PLEASANT GROVE, Utah — Alpine School District parents are torn over brand-new schedule changes that the school district said will focus on the teacher experience and improve student learning.
While some parents are on board with the changes announced Monday, others said it'll be difficult for their families to adjust to.
According to the new schedule, some elementary schools will start at 8 am and end the day at 2:15 pm, while others will begin at 9:15 am and end at 3:30 pm. All teachers between the two schedules will work from 7:30 am to 4 pm.
This week, school is wrapping up in the Alpine School District. Class is nearly out.
On Monday evening, Amy Anderson's three sons played outside on the sunny evening. The feeling of summer has already arrived, if you ask the kids.
But for the parents, the focus is on next year.
"We were really surprised to then have it change again," Anderson said, of Monday's schedule announcement.
Her boys are in third grade, first grade, and kindergarten at Valley View Elementary School in Pleasant Grove.
She found out that they will all start school at 9:15 am next year. During the pandemic, she explained, half of the kids started earlier and half started later.
"I was thrilled that we have 9:15 and, I'm happy," she said. "The teachers all say that this is what is best for them and for the students that they can have the additional prep time."
Anderson said her boys wake up early every morning, at about 6 am. That extra time in the morning, she said, will allow them to work on homework and other activities.
While it works for her family, others like Janelle Goss explained it's going to throw a wrench in their schedules.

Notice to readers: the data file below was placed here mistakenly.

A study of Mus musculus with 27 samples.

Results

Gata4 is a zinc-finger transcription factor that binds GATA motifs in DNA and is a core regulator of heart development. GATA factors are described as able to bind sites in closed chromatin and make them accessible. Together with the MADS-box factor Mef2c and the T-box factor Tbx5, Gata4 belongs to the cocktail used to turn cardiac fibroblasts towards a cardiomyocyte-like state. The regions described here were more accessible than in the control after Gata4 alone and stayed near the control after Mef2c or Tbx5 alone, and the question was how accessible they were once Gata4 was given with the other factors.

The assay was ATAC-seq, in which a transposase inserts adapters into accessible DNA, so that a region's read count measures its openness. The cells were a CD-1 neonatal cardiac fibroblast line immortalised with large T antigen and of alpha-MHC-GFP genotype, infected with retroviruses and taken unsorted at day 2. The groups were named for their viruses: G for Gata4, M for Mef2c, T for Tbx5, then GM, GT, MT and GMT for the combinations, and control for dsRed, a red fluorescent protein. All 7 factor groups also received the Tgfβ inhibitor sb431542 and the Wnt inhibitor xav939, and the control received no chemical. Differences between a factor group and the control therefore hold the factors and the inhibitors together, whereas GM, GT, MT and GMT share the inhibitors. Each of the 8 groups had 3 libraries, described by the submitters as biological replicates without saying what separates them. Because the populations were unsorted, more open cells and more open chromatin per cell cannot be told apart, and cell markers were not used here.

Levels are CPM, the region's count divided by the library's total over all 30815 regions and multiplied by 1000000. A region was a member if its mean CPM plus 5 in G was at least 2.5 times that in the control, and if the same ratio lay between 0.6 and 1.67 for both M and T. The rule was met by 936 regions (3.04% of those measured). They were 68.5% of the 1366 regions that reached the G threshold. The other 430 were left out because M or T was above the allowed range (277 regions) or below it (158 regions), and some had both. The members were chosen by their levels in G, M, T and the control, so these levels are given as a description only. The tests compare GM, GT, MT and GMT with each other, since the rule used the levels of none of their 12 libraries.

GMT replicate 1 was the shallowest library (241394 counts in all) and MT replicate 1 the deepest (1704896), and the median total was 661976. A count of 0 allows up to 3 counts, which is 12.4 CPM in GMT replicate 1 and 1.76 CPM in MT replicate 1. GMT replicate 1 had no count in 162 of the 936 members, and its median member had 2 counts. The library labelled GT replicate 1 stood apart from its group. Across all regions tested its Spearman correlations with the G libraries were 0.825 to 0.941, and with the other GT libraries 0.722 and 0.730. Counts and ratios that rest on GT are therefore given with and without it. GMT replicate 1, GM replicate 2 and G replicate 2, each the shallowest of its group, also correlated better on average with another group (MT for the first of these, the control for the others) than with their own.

Goss has two daughters. One is in ninth grade currently, the other a third grader.
"It makes it difficult as far as getting everybody out the door at an early hour because of my later work start time," she said.
As a single mom with two jobs, and two daughters who have special accommodations, Goss said the change means her daughters are home alone for a longer period of time in the afternoon.
Plus, the older one takes the younger one home from school, she said. If the younger one is released at an earlier time, it means the older one is in a time crunch trying to walk to the elementary school, Goss indicated.
"It just means a lot of figuring out a new kind of flow for our family," Goss said.
David Stephenson with the Alpine School District said that's why they are releasing the new schedules now before the current school year is over, to give people time to plan.
"We obviously understand that this will be an adjustment for some of our families," he said. "But we do appreciate their support as we implement these new schedules."
The reason some schools are starting and ending earlier and some later, Stephenson clarified, is because they just don't have enough buses and drivers for all elementary schools to start at the same time across the district.
He explained that the district has learned a lot about student learning during the pandemic and found that this schedule allows for less transition time and allows for extra teacher prep time.
There is now an hour of built-in professional development time for teachers every day, either at the beginning or end of the day. On top of that, there is 30 to 45 minutes of extra time before and after school labeled as "personal preparation" time.
"It also provides time before or after school possibilities for help for students, more extensions," Stephenson said.
Anderson is excited about that extra teacher prep time, especially seeing all the work teachers had to do during the pandemic. She said they would bend over backwards to help students, and spend extra hours outside of school to make sure students got what they need.
"They have said that this extra prep time will just help them do even more," she said. "So, I'm excited for them."